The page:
Published: Tuesday, June 10, 2014 3:06 p.m. CDT • Updated: Tuesday, June 10, 2014 11:32 p.m. CDT
Caption
(Provided photo)
Jeffrey M. Phen, of 515 1/2 Park Drive, was arrested June 2 stemming from an early morning scuffle with Woodstock Police officers. He was charged with aggravated battery to a police officer and criminal damage to property, both felonies, and resisting a peace officer, a misdemeanor.

WOODSTOCK – Attorneys from either side had different ways of describing the arrest of a Woodstock man during which he said he was beaten by officers, but prosecutors said it could have turned deadly for police.

Jeffrey M. Phen, of 515 1/2 Park Drive, was arrested June 2 stemming from an early morning scuffle with Woodstock Police officers. He was charged with aggravated battery to a police officer and criminal damage to property, both felonies, and resisting a peace officer, a misdemeanor.

He appeared Tuesday before McHenry County Judge Sharon Prather and testified that officers were unprovoked when they repeatedly punched him in the face.

Phen asked the judge for a reduction in his bond, which she granted over a prosecutor's objection.

After his arrest, Phen suffered a cut to his ear and cheek, and two black eyes, and said police denied his medical care. The black eyes and cuts appear light in his booking photo, which was taken at least seven hours after the alleged incident.

Police have said they first stopped 35-year-old Phen for driving without a registration light, which later proved to be working. After that, they believed there was a warrant for his arrest, but testimony showed that officers were mistaken and that there was no outstanding warrant for Phen.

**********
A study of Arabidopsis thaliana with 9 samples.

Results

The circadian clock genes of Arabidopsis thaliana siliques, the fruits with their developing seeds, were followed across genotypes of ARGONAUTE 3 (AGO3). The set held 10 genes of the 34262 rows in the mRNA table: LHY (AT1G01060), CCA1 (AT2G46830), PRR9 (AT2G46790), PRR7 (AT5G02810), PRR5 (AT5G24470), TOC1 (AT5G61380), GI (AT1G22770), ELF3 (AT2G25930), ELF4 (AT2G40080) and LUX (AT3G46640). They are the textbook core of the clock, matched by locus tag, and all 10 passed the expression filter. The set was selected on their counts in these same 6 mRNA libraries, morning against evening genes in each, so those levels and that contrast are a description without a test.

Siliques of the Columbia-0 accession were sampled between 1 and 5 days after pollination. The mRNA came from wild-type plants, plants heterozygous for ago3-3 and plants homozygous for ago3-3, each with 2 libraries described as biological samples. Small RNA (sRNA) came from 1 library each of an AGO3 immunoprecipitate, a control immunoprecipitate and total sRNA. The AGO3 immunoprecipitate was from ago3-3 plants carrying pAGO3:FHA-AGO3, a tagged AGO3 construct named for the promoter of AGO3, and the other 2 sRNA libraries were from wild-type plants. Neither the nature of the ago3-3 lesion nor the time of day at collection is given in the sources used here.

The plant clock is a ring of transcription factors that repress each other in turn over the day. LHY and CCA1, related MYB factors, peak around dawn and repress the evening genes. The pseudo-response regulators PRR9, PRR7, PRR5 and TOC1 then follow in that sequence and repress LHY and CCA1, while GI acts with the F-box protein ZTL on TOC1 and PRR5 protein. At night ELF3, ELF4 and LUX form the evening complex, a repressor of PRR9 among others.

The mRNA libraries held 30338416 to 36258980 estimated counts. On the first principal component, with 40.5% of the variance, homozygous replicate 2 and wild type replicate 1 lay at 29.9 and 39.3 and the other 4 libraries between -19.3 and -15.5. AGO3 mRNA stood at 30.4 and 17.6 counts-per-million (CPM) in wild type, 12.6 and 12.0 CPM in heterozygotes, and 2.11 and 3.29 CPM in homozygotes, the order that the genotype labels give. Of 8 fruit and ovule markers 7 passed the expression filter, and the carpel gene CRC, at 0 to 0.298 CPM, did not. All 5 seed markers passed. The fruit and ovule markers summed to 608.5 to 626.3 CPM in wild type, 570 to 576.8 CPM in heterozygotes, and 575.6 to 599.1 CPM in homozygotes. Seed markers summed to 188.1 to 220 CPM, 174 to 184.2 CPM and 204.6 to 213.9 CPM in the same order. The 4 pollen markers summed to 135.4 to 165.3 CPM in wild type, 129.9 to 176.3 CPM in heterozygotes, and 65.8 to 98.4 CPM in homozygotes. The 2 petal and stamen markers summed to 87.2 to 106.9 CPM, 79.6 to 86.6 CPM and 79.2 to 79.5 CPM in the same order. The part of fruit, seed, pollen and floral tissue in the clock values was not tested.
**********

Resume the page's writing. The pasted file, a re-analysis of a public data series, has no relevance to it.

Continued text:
Then they said he was pulled over as a suspicious vehicle for reportedly driving excessively slow in an area near the train station, where there had been criminal damage and drug complaints recently, Assistant State's Attorney Kate Lenhard said.

Phen's testified that arresting officers – who were on bike patrol at the time – began to punch him first, but it was the state's position that the officer began punching only because Phen was holding onto his bike helmet as he attempted to drive away, Lenhard said.

"Simply put, the defendant's story doesn't make sense," Lenhard said, adding that the incident "very easily could have been deadly for the officers."

When asked why he tried to drive away from officers, Phen said: "I was being assaulted by two officers at 2 o'clock in the morning, I was scared. I've never been in a situation like that."

"Mr. Phen had no reason to flee," his attorney Assistant Public Defender Kim Messer said. "The only reason he had to flee … was if he was being assaulted by police officers without reason."

Prather reduced Phen's bond to $20,000, meaning he needs to post $2,000 to be released.